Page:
The Oregon bill passed the House 35-25, the Oregonian reported, mainly along party lines, but with two Republicans voting for it and four Democrats against.

Oregon’s Democrat Gov. Kate Brown has said she would sign the controversial House Bill 3063, which is now headed to the Senate.

The bill would allow parents to opt out of vaccinating their children for documented medical reasons only, the report said. Most Oregon parents who decline to vaccinate their children currently do so with religious and philosophical exemptions.

The law includes daycare and Head Start programs, along with other school-related activities. Children who attend school online or who are home schooled could still remain exempt from mandatory vaccines.

Maine may soon follow the lead of Oregon in prohibiting parents from using religious or personal beliefs to forgo vaccines for their children.

It’s one of at least seven states with legislatures looking at similar laws allowing vaccine exemptions for medical reasons only and as determined by a doctor, according to Reuters.

The others include New York, New Jersey, Oregon, Vermont, Minnesota, and Iowa.

Maine’s Democratic-majority Senate could vote on its vaccine bill as early as Thursday, the Reuters report said. The state’s Democratic-controlled House of Representatives passed it last month in an almost party-line vote, with some Republicans arguing it amounted to inappropriate government intrusion.

Maine’s Democrat Gov. Janet Mills supports the measure, according to the Bangor Daily News.

The proposed legislation in various states comes amid the largest measles outbreak in the United States in 25 years, with 704 cases recorded so far this year.

The largest U.S. measles outbreak has been in New York City, concentrated in Brooklyn’s Orthodox Jewish communities, according to the U.S. Centers for Disease Control and Prevention and city public health officials. 

On April 9, New York City’s Department of Health ordered mandatory vaccinations for all individuals living, working, or living in the largely Jewish district of Brooklyn – backed by threats of heavy fines.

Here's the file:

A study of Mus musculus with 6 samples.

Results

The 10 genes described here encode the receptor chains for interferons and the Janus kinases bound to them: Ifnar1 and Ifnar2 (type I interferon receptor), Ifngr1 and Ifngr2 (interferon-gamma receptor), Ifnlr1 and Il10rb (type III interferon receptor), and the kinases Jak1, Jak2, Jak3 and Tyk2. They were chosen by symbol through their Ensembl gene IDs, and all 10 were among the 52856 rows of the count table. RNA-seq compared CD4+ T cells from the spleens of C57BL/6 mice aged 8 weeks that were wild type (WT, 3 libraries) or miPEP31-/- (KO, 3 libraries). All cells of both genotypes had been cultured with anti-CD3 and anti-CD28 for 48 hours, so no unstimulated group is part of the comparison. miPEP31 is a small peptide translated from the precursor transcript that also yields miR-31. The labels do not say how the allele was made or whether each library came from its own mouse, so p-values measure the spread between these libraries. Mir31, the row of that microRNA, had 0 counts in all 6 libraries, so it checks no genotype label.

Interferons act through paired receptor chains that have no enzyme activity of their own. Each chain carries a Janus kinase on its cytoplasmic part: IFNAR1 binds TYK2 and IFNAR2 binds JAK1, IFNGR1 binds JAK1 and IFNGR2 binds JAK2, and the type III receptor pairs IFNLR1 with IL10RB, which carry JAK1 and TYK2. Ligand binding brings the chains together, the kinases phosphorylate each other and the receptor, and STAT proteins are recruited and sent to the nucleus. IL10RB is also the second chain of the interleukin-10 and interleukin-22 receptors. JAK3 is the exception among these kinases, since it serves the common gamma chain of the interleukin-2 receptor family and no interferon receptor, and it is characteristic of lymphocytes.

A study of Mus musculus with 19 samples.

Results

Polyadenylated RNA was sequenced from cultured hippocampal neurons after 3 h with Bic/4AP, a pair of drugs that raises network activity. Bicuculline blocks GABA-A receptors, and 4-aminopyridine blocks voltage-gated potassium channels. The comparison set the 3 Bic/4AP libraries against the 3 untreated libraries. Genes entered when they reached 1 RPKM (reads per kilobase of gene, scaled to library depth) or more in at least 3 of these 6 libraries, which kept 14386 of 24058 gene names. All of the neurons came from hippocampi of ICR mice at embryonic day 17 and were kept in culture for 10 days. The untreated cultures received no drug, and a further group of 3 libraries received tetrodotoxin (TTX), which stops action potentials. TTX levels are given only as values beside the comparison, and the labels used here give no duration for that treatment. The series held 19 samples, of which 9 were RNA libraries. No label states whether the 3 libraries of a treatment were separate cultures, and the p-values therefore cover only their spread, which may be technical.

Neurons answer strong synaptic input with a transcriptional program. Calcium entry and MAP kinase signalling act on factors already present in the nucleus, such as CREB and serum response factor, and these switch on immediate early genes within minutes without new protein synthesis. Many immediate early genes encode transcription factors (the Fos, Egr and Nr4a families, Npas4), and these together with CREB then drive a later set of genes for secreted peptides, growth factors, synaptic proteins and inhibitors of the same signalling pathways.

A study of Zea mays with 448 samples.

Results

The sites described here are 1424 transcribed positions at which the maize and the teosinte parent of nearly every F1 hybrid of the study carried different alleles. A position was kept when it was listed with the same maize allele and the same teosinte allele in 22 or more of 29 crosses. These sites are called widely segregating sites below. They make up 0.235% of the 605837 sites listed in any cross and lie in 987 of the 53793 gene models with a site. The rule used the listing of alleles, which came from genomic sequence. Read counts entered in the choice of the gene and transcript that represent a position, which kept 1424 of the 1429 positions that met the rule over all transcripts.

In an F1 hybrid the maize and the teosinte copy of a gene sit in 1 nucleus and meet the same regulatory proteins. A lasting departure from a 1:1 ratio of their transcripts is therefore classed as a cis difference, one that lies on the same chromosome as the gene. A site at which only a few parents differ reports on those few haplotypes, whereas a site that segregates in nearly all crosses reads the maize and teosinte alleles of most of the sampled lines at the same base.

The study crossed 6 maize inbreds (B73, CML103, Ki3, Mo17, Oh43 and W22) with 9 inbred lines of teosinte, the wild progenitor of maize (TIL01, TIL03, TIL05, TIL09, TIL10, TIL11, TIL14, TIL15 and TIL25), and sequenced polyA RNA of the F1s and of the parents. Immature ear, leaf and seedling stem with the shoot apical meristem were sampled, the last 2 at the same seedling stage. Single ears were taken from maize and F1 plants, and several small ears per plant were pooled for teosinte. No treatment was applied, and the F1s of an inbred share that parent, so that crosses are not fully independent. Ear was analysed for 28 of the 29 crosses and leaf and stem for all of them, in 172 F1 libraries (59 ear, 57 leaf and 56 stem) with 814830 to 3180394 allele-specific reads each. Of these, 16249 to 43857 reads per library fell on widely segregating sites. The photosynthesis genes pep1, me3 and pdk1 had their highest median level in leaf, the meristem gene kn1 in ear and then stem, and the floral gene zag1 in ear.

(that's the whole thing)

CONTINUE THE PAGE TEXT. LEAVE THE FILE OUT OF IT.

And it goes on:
In March, Rockland County, New York banned unvaccinated minors from public places, including churches, in response to the outbreak there.

All 50 U.S. states require that children be vaccinated for varied diseases for them to attend public school, unless they have medical reasons for exemption. Seventeen states currently permit philosophical exemptions for immunizations because of personal, moral or other beliefs.

Only three states already ban all non-medical exemptions, according to the National Conference of State Legislatures; Mississippi, West Virginia and California.

The measles outbreak follows Michigan having had the largest Hepatitis A outbreak in the country in recent years, which has killed at least 27 people since 2016.

The outbreaks and proposed legislation in different states continue to fuel fierce debate over vaccines, with concerns over parents’ rights and the safety, content and origin of some vaccines on one side, and the pro-vaccine contingent insisting that vaccine ingredients do not cause autism or other medical issues.

Pro-vaccine advocates often claim science to be on their side, saying it has debunked the fears held over vaccines, and questions over vaccine safety are often ridiculed as conspiracy theories. Regardless of concerns, pro-vaccine individuals insist parents must vaccinate their children for the greater good.

Concerns persist, however, over potential side effects, accountability for vaccine ingredients, and government overreach.

Pro-life and family groups also condemn the use of vaccines derived from aborted fetal cells, both for moral and health-related reasons. Still, secularists and others continue to dismiss these concerns.